A specialized rescue training aimed to support the manned missions of SpaceX and Boeing was held between 23rd and 27th August in vicinity of Patrick Space Force Base, Florida. Pararescuemen, aircrews and maritime operation specialists that participated in the exercise are on a daily basis assigned to the 38th Rescue Squadron at Moody Air Force Base, Georgia.
During the training, the 38th RQS Blue Team practised freefall jumps and equipment drops into the waters of Banana River and Atlantic Ocean. Created as an immediate response force, the Blue Team will be supporting the SpaceX Human Spaceflight programme as well as Boeing manned space flights.
´When astronauts are doing their launches, we cover down in the Pacific or Atlantic Ocean,´ said Tech. Sgt. Michael Galindo, 38th RQS pararescueman Blue Team section chief. ´That way if they have an emergency and they need a bailout, we’re the rescue team on-site who would recover them from their capsule.´
Securing the safety of the space crews require the team to achieve a proficiency level in many areas – starting from their basic knowledge of safe landing in the ocean with rescue gear. In addition, members of the Blue Team must learn how to operate two different types of rescue boats. The first of them is called Rigging Alternate Method Boat (RAMB) and basically is a variant of a deflated Combat Rubber Raiding Craft (CRRC) that can be dropped from an aircraft with a parachute and then inflated upon landing.
The other one is a ´hard duck´ type boat, in other words being an inflated CRRC with a fixed wooden base. And that one also may be parachute dropped if necessary. Both boats can be loaded with additional equipment, medical supplies, paddles and boat engines, and therefore allowing the Blue Team to begin their rescue mission practically immediately after jumping into the drop zone.
On 31st October, SpaceX is going to launch a ´Crew-3´ mission that will be another milestone for that company. The spaceship will transport astronauts to the International Space Station, where they are going to spend six months. It was already announced that NASA allowed SpaceX to reuse boosters of Falcon 9 rocket and capsule of Crew Dragon for this space flight.
´Heaven forbid anything goes wrong, we’ll be ready if it does,´ said Capt. Trent Vonich, 38th RQS Blue Team flight commander, and added: ´In October, we’re actually doing two weeks of additional training at Cape Canaveral to learn how to access the SpaceX and Boeing capsules … and then make sure we can get access to the astronauts.´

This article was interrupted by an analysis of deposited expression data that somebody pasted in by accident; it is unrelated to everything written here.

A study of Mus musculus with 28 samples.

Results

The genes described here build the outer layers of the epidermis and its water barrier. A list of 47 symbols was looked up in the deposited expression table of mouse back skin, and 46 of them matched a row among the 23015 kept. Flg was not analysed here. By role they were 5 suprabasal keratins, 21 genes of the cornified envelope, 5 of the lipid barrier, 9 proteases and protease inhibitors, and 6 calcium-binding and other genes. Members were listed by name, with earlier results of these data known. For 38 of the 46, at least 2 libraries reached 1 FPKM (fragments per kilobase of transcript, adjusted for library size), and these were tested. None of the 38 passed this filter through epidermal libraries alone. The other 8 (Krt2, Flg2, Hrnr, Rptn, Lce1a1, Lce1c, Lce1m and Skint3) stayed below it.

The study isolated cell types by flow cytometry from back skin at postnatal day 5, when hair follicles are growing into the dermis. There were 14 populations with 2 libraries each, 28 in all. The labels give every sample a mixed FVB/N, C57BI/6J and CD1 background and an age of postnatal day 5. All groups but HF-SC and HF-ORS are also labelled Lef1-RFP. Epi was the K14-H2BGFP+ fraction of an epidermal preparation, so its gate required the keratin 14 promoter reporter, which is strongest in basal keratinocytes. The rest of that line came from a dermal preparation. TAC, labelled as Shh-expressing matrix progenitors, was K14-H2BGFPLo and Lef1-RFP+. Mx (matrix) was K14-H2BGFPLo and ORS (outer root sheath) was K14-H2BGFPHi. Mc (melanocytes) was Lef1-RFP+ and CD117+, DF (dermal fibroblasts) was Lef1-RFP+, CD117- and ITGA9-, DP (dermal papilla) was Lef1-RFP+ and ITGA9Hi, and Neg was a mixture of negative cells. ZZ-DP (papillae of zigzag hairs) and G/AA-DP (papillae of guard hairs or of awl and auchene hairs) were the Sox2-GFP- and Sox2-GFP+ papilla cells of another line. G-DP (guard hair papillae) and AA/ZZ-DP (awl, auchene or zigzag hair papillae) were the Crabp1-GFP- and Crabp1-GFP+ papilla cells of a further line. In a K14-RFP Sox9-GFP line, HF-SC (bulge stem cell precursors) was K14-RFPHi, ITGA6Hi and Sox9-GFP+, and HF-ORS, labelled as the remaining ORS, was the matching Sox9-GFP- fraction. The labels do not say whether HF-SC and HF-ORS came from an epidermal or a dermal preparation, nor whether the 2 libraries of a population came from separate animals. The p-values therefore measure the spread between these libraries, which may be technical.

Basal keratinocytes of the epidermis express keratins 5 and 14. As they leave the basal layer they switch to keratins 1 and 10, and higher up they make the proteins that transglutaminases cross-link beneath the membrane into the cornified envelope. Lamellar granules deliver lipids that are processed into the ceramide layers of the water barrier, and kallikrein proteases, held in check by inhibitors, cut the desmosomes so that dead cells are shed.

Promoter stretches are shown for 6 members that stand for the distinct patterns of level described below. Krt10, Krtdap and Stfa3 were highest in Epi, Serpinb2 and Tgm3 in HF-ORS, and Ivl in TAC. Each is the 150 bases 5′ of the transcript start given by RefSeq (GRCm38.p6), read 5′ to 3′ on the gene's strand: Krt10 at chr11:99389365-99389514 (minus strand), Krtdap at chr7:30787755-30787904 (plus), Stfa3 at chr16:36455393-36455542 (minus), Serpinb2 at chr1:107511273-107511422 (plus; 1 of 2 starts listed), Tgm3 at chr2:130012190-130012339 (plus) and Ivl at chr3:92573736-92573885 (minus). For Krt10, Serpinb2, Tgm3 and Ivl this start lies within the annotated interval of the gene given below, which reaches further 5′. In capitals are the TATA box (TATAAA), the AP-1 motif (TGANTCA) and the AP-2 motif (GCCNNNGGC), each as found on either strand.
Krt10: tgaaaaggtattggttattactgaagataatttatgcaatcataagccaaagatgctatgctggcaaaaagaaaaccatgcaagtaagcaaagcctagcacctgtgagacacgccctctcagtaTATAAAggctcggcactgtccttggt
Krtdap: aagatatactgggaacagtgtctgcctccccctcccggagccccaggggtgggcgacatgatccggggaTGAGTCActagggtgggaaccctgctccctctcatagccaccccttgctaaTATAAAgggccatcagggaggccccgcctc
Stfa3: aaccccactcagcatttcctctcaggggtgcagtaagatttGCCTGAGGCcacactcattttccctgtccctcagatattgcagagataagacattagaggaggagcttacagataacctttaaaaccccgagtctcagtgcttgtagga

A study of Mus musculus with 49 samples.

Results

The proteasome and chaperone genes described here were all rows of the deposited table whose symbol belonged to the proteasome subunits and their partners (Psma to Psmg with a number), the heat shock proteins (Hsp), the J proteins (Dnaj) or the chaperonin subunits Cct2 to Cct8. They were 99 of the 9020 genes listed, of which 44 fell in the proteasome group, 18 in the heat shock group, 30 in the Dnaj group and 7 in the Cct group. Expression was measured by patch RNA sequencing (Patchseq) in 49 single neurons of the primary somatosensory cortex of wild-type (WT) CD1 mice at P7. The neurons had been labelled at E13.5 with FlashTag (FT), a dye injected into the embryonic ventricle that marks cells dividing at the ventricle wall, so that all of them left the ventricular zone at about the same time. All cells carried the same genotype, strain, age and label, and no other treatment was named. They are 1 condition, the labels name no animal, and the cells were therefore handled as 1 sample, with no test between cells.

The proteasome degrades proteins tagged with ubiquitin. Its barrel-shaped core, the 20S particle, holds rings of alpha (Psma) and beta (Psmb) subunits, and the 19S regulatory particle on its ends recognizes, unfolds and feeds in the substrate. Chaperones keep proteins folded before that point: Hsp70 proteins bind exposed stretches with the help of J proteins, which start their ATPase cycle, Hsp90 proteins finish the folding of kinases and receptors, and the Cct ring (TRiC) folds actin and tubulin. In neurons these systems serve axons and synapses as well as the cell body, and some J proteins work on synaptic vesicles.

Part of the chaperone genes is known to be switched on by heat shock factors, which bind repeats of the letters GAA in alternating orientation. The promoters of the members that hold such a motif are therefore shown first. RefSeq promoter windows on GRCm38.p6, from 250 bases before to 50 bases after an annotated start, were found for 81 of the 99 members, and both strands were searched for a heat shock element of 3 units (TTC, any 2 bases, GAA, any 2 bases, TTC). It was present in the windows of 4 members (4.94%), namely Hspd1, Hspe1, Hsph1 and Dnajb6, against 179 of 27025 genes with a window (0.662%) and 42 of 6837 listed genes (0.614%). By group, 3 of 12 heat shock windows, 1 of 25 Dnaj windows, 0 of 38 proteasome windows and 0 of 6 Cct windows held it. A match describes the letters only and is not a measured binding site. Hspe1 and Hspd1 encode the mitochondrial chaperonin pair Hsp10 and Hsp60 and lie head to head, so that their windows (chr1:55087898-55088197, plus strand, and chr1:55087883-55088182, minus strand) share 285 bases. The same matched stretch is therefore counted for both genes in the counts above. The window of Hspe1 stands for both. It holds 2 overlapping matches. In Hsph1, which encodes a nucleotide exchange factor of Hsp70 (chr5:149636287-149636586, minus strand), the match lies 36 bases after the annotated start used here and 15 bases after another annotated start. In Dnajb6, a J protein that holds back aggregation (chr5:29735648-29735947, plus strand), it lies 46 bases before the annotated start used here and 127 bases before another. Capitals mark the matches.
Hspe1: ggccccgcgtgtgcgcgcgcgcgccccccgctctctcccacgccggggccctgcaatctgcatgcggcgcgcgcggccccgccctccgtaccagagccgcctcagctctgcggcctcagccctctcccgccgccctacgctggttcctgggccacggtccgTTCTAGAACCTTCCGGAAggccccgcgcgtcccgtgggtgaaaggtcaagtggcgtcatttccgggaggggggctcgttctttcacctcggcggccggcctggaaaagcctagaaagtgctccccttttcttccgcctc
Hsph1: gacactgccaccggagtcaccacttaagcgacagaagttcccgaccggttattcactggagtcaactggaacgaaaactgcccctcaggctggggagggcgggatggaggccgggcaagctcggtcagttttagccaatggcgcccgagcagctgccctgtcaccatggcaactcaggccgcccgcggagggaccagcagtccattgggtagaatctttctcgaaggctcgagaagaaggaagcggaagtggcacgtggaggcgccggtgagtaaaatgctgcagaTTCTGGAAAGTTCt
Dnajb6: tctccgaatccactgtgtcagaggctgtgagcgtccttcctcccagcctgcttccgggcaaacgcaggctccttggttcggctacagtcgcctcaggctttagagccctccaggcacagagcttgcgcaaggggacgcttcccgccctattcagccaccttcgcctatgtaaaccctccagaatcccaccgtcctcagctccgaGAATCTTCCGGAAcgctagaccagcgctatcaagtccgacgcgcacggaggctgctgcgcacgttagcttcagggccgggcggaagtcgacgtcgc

If anything goes wrong during the launch of manned spaceship, the capsule with astronauts on board will automatically detach from the rocket and eject itself away to avoid potential explosion or other danger. Then the capsule should land safely in the ocean, where the rescuers from the 38th RQS would recover it and extract the crew.
The members of the Blue Team emphasizes that performing live-training exercises on regular basis is a key to be ready when needed and to offer the astronauts a certain level of comfort.
´It reassures them that if they do have an emergency, they know there’s a team who is highly trained in these types of rescues,´ said Tech. Sgt. Galindo.
Apart from conducting the trainings at Cape Canaveral and Patrick Space Force Base, the 38th RQS is also prepared for potential rescue operations in contingency locations – the Arabian Gulf and the South China Sea.
It is important to mention here that the United States is not the only country that has brough to life a rescue team, specially dedicated to assist during the manned spaceflights. In March of this year we wrote about the Russian specialized search and rescue group of the Central Military District (Поисково-спасательная группа ЦВО), its equipment and training programme.
All photos and quotations © U.S. Department of Defence (DoD), cover photo (USAF pararescuemen assigned to the 38th RQS walk to an HC-130J Combat King II aircraft) – USAF photo by Staff Sgt. Melanie A. Bulow-Gonterman. DoD information materials and press releases (story by Staff Sgt. Devin Boyer) were used, in compliance with Public Domain licence. The appearance of U.S. Department of Defense (DoD) visual information does not imply or constitute DoD endorsement.